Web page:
Our driver will pick you up at your hotel or apartment in FLORENCE
and he'll drive you to ASSISI (2 HOURS).
The first stop will be at Basilica of Santa Maria degli Angeli (St. Mary of the Angels), which houses the Porziuncola.
According to a legend, the existence of which can be traced back with certainty only to 1645, the little chapel of Porziuncola was erected under Pope Liberius (352-66) by hermits from the Valley of Josaphat, who had brought thither relics from the grave of the Blessed Virgin. The same legend relates that the chapel passed into the possession of St. Benedict in 516. It was known as Our Lady of the Valley of Josaphat or of the Angels -- the latter title referring, according to some, to Our Lady's ascent into heaven accompanied by angels (Assumption B.M.V.); a better founded opinion attributes the name to the singing of angels which had been frequently heard there.
This little church was given around 1208 to St. Francis by the Abbot of St. Benedict of Monte Subasio, on condition of making it the mother house of his religious family. It was in bad condition, laying abandoned in a wood of oak trees. He restored it with his own hands. In this church, on 24 February 1208, St. Francis heard the call of Jesus and had to make his choice of life: a life in absolute poverty according to the Missionary Discourse in the Gospel of Matthew 10, 5-15.
This little church became the home of St. Francis and soon of his first disciples. In this church St. Francis founded the Order of Friars Minor and from that moment it has never been abandoned by the friars. After this visit in ten minutes you'll be in ASSISI.
Around 1000 BC a wave of immigrants settled in the upper Tiber valley as far as the Adriatic Sea and also in the neighbourhood of Assisi. These were the Umbrians, living in small fortified settlements on high ground. From 450 BC these settlements were gradually taken over by the Etruscans. The Romans took control of central Italy by the Battle of Sentinum in 295 BC. They built the flourishing municipium Asisium on a series of terraces on Mount Subasio. Remains from these Roman times can still be found in Assisi : city walls, the forum (now Piazza del Comune), a theatre, an amphitheatre and the Temple of Minerva (now transformed into the Church of Santa Maria sopra Minerva).
In 238 AD Assisi was converted to Christianity by bishop Rufino, who was martyred at Costano. According to tradition, his remains rest in the Cathedral Church of San Rufino in Assisi.
The Ostrogoths of king Totila destroyed most of the town in 545. Assisi then came under the rule of the Lombards and later the Frankish Duchy of Spoleto.
The thriving city became an independent Ghibelline commune in the 11th century. Constantly struggling with the Guelph Perugia, it was during one of those battles, the battle at Ponte San Giovanni, that Francesco di Bernardone, (Saint Francis of Assisi), was taken prisoner, setting in motion the events that eventually led him to live as a beggar, renounce the world and establish the Order of Friars Minor.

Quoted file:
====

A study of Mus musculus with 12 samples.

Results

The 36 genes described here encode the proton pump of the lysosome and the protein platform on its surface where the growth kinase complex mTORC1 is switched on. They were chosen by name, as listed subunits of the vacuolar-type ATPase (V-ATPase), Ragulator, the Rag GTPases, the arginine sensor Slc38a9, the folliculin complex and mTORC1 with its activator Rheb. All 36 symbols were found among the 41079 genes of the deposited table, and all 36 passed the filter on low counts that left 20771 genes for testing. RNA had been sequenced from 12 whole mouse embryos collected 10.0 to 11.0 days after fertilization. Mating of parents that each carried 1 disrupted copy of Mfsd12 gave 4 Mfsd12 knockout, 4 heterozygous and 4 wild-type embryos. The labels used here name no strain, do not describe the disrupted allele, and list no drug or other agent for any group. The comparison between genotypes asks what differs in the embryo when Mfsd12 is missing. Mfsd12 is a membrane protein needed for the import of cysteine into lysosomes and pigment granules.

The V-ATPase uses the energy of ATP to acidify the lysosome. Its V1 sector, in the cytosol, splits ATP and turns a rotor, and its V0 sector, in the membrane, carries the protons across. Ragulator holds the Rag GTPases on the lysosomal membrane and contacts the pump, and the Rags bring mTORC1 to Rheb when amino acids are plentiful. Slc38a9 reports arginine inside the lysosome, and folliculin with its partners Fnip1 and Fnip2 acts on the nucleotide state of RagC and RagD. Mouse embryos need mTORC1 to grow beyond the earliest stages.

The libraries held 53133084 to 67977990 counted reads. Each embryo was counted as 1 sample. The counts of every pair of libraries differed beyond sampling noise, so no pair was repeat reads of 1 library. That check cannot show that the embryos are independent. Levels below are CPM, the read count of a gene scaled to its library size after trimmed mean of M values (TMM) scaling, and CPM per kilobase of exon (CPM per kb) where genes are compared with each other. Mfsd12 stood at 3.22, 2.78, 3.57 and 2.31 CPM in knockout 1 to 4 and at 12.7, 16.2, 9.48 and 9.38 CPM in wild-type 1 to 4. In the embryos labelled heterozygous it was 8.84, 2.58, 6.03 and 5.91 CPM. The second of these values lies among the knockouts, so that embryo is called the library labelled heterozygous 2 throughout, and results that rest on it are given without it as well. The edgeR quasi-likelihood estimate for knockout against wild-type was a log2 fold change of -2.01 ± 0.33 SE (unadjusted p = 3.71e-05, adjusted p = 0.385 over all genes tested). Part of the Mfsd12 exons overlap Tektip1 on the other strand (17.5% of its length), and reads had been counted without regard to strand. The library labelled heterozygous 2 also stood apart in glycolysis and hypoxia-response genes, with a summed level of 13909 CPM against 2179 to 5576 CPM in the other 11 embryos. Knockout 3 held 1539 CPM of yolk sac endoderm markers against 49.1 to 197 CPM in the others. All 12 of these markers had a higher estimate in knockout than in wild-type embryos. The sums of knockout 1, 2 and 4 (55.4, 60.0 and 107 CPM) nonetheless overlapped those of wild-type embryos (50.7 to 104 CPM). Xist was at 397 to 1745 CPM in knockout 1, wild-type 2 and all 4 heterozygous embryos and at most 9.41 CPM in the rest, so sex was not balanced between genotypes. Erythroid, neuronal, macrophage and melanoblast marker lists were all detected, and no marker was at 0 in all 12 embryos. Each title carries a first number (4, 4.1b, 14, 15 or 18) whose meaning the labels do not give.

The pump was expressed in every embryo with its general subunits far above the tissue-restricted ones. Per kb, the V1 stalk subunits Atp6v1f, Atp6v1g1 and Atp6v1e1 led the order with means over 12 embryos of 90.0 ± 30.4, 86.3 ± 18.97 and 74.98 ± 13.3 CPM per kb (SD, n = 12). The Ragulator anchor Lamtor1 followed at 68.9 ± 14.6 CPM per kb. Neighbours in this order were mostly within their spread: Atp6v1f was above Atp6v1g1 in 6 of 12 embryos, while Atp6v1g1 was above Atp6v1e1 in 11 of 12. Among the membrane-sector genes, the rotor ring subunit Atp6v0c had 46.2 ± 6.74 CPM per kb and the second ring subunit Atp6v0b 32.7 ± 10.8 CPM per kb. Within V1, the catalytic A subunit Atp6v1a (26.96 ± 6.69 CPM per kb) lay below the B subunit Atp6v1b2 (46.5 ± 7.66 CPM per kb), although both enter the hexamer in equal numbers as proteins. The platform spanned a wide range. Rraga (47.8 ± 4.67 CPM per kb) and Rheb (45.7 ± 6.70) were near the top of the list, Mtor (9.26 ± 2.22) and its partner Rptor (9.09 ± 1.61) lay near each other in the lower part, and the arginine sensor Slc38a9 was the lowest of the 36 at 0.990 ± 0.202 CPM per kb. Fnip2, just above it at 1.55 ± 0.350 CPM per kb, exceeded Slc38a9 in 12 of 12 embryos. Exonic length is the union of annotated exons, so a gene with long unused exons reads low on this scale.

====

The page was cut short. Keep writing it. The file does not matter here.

The Rocca Maggiore, the imperial fortress on top of the hill above the city, was plundered by the people in 1189, but rebuilt in 1367 on orders of the papal delegate, cardinal Gil de Albornoz.
The city, which had remained within the confines of the Roman walls, began to expand outside these walls in the 13th century. In this period the city was under papal jurisdiction.
In the beginning Assisi fell under the rule of Perugia and later under several despots, such as the soldier of fortune Biordo Michelotti, Gian Galeazzo Visconti, duke of Milan, Francesco I Sforza, another duke of Milan, Jacopo Piccinino and Federico II da Montefeltro, lord of Urbino. The city went into a deep decline through the plague of the Black death in 1348 AD.
The city came again under papal jurisdiction under the rule of Pope Pius II (1458-1464).
Duomo Plaza, 19th century.
In 1569 construction was started of the Basilica of Santa Maria degli Angeli. During the renaissance and later centuries, the city continued to develop peacefully, attested by the 17th-century palaces of the Bernabei and Giacobetti.
Now the site of many a pilgrimage, Assisi is linked in legend with its native son, St. Francis.
The gentle saint founded the Franciscan order and shares honors with St. Catherine of Siena as the patron saint of Italy. He is remembered by many, even non-Christians, as a lover of nature (his preaching to an audience of birds is one of the legends of his life).
Assisi was hit by the devastating twin earthquakes that shook Umbria in 1997, but the recovery and restoration have been remarkable, although much remains to be done.
Massive damage was caused to many historical sites, but the major attraction, the Basilica di San Francesco, reopened less than two years later.
The Basilica of San Francesco d'Assisi (St. Francis) is a World Heritage Site. The Franciscan monastery, il Sacro Convento, and the lower and upper church (Basilica inferiore e superiore) of St Francis were begun immediately after his canonization in 1228, and completed 1253. The lower church has frescos by renowned late-medieval artists Cimabue and Giotto; in the Upper church are frescos of scenes in the life of St. Francis by Giotto and his circle. The Basilica was badly damaged by the earthquake of September 26, 1997. Part of the vault collapsed, killing four people inside the church and carrying with it a fresco by Cimabue. The edifice and was closed for two years for restoration.
Santa Maria Maggiore (St. Mary the Greater), the earliest extant church.
The Cathedral of San Rufino (St. Rufinus), with a Romanesque façade with three rose windows and a 16th?century interior; part of it is built on a Roman cistern.
Basilica of Santa Chiara (St Clare) with its massive lateral buttresses, rose window, and simple Gothic interior, begun in 1257, contains the tomb of the saint and 13th?century frescoes and paintings.